Rep. Will Hurd (R-Texas) confirmed to CNN's Jake Tapper on Sunday that he plans to vote against articles of impeachment, but argued that it's still possible to do so while disagreeing with President Trump's behavior.

The exchange:

TAPPER: "Are you not worried at all that your vote will essentially be seen as giving a green light for every president in the future to use their power to ask foreign leaders, pressure foreign leaders, to investigate political rivals?"
HURD: "No I don't believe that's the message that's being sent. You can vote against impeachment and still disagree with some of the policies or some of the behavior. As you said in the lead-up, this is such a monumental vote. Using this process of impeachment is one of the most serious things the House of Representatives can do. ... My fear is that you weaponize impeachment for political gains in the future."

Why it matters: Hurd, one of several Texas congressmen who will not seek re-election in 2020, has been a critic of Trump at times and was originally seen as a potential swing vote for impeachment. He signaled his "no" vote in November, claiming that impeachment hearings had not shown evidence that Trump "committed bribery or extortion."

  • Hurd argued that impeachment should be a bipartisan process and that at the moment the only thing that's bipartisan is the opposition — noting that at least two Democrats are set to vote against impeachment.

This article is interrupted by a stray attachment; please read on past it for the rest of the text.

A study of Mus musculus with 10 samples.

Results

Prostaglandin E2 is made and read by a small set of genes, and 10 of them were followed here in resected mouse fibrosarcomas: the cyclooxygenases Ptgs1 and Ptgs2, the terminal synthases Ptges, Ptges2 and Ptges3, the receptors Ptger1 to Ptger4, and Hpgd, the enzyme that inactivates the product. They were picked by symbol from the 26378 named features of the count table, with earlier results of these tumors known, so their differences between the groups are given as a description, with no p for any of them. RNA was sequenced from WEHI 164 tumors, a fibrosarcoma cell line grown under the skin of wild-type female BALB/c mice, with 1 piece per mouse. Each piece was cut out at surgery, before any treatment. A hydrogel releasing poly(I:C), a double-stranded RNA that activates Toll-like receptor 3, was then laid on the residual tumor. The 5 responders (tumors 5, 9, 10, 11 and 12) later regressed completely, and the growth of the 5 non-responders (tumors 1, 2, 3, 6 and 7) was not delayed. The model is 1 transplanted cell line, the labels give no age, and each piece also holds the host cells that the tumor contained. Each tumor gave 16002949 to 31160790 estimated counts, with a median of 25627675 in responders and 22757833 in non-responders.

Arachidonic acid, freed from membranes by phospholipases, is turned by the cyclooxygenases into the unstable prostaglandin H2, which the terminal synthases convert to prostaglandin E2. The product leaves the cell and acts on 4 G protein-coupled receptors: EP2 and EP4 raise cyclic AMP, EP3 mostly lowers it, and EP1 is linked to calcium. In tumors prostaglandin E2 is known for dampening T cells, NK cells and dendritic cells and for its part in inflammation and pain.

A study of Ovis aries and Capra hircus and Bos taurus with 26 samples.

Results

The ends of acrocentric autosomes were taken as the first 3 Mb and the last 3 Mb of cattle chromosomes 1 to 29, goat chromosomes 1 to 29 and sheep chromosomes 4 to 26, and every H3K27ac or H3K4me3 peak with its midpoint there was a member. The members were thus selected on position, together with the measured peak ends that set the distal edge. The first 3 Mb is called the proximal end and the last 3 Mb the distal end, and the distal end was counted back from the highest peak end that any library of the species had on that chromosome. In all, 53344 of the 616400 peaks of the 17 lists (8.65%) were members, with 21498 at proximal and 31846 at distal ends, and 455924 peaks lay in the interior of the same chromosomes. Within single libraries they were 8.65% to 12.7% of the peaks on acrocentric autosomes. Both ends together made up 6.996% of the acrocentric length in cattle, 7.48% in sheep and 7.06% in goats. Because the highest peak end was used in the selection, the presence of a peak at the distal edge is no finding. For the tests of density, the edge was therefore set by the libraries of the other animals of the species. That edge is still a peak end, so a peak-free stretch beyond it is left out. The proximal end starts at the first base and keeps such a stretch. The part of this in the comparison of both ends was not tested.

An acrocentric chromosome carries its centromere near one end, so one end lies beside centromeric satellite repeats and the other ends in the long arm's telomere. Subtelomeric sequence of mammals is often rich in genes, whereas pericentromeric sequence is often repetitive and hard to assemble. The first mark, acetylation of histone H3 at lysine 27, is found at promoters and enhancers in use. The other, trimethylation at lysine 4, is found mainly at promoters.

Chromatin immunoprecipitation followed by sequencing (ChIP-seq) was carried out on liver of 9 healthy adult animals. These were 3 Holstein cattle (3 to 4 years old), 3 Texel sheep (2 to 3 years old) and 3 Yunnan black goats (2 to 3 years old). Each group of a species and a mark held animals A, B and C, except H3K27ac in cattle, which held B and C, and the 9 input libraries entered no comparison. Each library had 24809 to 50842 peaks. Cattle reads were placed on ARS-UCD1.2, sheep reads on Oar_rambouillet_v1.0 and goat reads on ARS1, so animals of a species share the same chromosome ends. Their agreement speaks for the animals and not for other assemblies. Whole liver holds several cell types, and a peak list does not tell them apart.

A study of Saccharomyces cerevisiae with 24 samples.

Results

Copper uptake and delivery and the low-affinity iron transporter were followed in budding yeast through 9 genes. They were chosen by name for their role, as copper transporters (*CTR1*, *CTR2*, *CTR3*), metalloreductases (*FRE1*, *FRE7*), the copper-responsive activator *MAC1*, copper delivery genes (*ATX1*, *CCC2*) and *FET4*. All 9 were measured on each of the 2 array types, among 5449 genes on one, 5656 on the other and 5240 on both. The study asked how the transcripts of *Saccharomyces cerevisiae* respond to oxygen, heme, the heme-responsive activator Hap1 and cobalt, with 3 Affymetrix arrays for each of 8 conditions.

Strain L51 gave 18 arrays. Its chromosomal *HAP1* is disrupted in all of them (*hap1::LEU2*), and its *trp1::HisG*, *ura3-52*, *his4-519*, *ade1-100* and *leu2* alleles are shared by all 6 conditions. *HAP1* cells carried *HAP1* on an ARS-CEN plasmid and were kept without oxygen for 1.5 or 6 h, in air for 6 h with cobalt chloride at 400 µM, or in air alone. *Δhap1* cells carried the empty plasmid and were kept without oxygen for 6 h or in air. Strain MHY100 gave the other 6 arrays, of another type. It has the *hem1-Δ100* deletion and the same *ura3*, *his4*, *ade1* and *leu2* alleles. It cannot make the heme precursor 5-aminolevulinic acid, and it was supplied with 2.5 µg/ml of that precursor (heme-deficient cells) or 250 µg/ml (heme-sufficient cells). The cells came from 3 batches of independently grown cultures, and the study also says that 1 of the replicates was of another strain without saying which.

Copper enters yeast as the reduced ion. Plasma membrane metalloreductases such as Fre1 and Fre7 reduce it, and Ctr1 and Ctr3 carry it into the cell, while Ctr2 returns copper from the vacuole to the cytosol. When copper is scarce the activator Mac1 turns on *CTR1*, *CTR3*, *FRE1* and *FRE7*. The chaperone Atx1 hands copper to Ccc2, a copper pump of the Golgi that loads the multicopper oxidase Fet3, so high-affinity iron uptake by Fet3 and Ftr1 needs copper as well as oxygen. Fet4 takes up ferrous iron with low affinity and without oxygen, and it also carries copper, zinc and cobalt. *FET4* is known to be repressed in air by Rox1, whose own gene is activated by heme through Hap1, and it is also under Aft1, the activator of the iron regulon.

Go deeper: Hurd says Ukraine quid pro quo would be "violation of the law"

Go deeper

Updated 23 mins ago - Politics & Policy

Coronavirus dashboard

Illustration: Sarah Grillo/Axios

  1. Global: Total confirmed cases as of 11 p.m. ET: 19,511,596 — Total deaths: 724,590 — Total recoveries — 11,876,387Map.
  2. U.S.: Total confirmed cases as of 11 p.m. ET: 4,995,369 — Total deaths: 162,461 — Total recoveries: 1,643,118 — Total tests: 61,080,587Map.
  3. Politics: Trump signs 4 executive actions on coronavirus aid — Democrats slam Trump, urge GOP to return to negotiations
  4. Public health: Fauci says chances are "not great" that COVID-19 vaccine will be 98% effective — 1 in 3 Americans would decline COVID-19 vaccine.
  5. Science: Indoor air is the next coronavirus frontline.
  6. Schools: How back-to-school is playing out in the South as coronavirus rages on — Princeton, Johns Hopkins, Howard to hold fall classes online.

Trump signs 4 executive actions on coronavirus aid

President Trump speaking during a press conference on Aug. 8. Photo: Jim Watson/AFP via Getty Images

President Trump on Saturday signed four executive actions to provide relief from economic damage sustained during the coronavirus pandemic after talks between the White House and Democratic leadership collapsed Friday afternoon.

Why it matters: Because the Constitution gives Congress the power to appropriate federal spending, Trump has limited authority to act unilaterally — and risks a legal challenge if congressional Democrats believe he has overstepped.

10 hours ago - World

What's next for Lebanon after the Beirut explosion

Photo: Houssam Shbaro/Anadolu Agency via Getty Images

Beirut residents are still clearing rubble from streets that appear war-torn, days after a blast that shocked the country and horrified the world.

Why it matters: The explosion is likely to accelerate a painful cycle Lebanon was already living through — discontent, economic distress, and emigration.